A Tale of Two Cities
Mr. Jarvis Lorry, an agent for the Franco-British banking house of Tellson & Co., brings young Lucie Manette from London to Paris to find her father. He was imprisoned in the Bastille for 18 years, but is now being kept above the wine shop of Mme. and M. Defarge until he can be taken safely back to England.
Back in England, Lucie becomes engaged to Charles Darnay, the nephew of a murdered French aristocrat much hated by the revolutionaries in France. Lucie and Charles are married and have a child. During the revolution, Charles returns to Paris to save an old family servant imprisoned by the revolutionaries. Charles, however, is seized and brought to trial. Denounced by Defarge, he is condemned for the crimes of his family against the people.
A close friend of the family, Sydney Carton, who strongly resembles Charles and secretly loves Lucie, now acts to save Charles. Through deceit, he gains entrance to the prison and has Charles carried away, while he remains behind, in his place. The Defarges also try to denounce Lucie and Dr. Manette, but they manage to escape. Lucie and Charles return to England, but Sydney Carton dies at the guillotine, choosing to sacrifice his life to secure the safety of his friends.
Although well researched, this book--Dickens’ only historical novel--is popular chiefly because of the momentum of its ingenious plot. Seldom in literature are so many interesting characters swept along at such a pace.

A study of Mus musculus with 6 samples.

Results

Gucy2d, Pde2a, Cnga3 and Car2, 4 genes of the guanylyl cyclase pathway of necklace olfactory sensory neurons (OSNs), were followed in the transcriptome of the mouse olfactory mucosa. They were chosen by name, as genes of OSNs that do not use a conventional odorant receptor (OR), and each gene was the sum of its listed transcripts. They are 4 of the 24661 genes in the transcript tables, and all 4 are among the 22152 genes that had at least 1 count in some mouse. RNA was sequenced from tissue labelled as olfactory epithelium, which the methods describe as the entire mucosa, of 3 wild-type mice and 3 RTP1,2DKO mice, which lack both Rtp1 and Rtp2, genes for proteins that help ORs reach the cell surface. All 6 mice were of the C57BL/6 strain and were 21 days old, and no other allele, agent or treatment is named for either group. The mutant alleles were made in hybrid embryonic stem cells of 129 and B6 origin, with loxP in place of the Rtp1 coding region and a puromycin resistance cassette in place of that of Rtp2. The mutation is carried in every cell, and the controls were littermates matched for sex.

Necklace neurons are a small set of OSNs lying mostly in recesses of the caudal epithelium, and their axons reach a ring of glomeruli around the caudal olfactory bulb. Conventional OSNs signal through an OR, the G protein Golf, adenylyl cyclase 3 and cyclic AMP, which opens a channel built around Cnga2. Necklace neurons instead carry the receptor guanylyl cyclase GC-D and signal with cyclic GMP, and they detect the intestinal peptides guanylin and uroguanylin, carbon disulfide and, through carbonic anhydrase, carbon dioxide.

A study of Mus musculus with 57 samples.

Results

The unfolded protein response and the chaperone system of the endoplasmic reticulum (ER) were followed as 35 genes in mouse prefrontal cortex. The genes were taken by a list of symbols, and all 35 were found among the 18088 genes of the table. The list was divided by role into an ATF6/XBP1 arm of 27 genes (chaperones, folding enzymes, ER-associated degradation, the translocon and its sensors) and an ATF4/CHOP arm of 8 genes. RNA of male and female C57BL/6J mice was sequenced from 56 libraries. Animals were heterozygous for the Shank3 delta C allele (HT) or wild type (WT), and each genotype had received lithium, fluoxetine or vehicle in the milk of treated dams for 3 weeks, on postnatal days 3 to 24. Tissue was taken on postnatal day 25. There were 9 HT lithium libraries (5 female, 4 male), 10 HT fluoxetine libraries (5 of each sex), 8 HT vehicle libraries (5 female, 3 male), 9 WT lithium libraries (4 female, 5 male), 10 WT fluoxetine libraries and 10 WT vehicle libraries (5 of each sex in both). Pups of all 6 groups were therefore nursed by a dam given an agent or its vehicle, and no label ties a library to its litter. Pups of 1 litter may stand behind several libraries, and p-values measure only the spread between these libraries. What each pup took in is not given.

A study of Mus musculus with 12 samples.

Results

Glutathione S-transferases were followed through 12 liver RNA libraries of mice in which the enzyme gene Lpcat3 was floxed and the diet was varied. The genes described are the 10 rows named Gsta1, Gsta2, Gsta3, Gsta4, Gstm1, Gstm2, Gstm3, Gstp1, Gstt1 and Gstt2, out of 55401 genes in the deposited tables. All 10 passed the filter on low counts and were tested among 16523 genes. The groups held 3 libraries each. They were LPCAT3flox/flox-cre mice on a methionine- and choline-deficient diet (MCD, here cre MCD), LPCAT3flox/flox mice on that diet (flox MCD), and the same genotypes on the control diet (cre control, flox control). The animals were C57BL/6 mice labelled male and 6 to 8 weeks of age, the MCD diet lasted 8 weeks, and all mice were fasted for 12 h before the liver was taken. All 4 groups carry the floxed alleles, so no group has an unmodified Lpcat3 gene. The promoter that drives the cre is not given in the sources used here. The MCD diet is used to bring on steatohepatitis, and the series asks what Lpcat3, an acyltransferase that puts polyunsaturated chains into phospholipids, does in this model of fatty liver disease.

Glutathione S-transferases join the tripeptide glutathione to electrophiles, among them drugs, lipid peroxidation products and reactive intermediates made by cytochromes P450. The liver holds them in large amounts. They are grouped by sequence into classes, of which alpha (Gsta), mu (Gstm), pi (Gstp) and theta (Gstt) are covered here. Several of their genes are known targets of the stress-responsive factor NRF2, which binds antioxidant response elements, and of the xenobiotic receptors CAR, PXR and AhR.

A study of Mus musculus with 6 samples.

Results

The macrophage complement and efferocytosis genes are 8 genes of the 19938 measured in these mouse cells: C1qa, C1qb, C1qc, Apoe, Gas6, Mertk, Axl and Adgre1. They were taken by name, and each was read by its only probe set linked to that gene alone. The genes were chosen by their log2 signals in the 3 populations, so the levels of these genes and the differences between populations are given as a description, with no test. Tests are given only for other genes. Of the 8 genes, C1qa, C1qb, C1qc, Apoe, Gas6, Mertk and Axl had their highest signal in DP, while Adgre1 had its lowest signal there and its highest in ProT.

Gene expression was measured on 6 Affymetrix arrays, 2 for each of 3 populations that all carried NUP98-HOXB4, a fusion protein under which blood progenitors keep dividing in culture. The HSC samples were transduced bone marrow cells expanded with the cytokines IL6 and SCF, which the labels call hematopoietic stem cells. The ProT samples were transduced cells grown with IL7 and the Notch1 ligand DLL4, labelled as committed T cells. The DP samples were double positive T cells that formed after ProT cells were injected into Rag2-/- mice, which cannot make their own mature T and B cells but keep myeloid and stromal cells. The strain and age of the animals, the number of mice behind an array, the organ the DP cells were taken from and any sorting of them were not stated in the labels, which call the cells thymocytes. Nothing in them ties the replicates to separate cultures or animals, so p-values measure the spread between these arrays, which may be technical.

Beckwith, Charles E., ed. Twentieth Century Interpretations of “A Tale of Two Cities.” Englewood Cliffs, N.J.: Prentice-Hall, 1972. A collection of scholarly critical essays followed by commentaries on the novel by such literary figures as George Bernard Shaw and George Orwell.
Dickens, Charles. A Tale of Two Cities. Oxford, England: Oxford University Press, 1988. Contains a useful chronology of the French Revolution, as well as information on the history of the novel.
Glancy, Ruth. “A Tale of Two Cities”: An Annotated Bibliography. New York: Garland Publishing, 1993. An invaluable tool for both the student and the scholar. The references to the novel are arranged under the general headings of text and studies.
Glancy, Ruth. “A Tale of Two Cities”: Dickens’s Revolutionary Novel. Boston: Twayne, 1991. this in-depth study places the novel in its historical and literary context and provides a careful analysis of the plot.
Kaplan, Fred. Dickens: A Biography. New York: William Morrow, 1988. Scholarly and well-written. It is particularly valuable in addressing Dickens’ personal identification with the characters of Sydney Carton and Charles Darnay.
Nelson, Harland S. Charles Dickens. Boston: Twayne, 1981. An excellent introduction to Dickens’ life and works.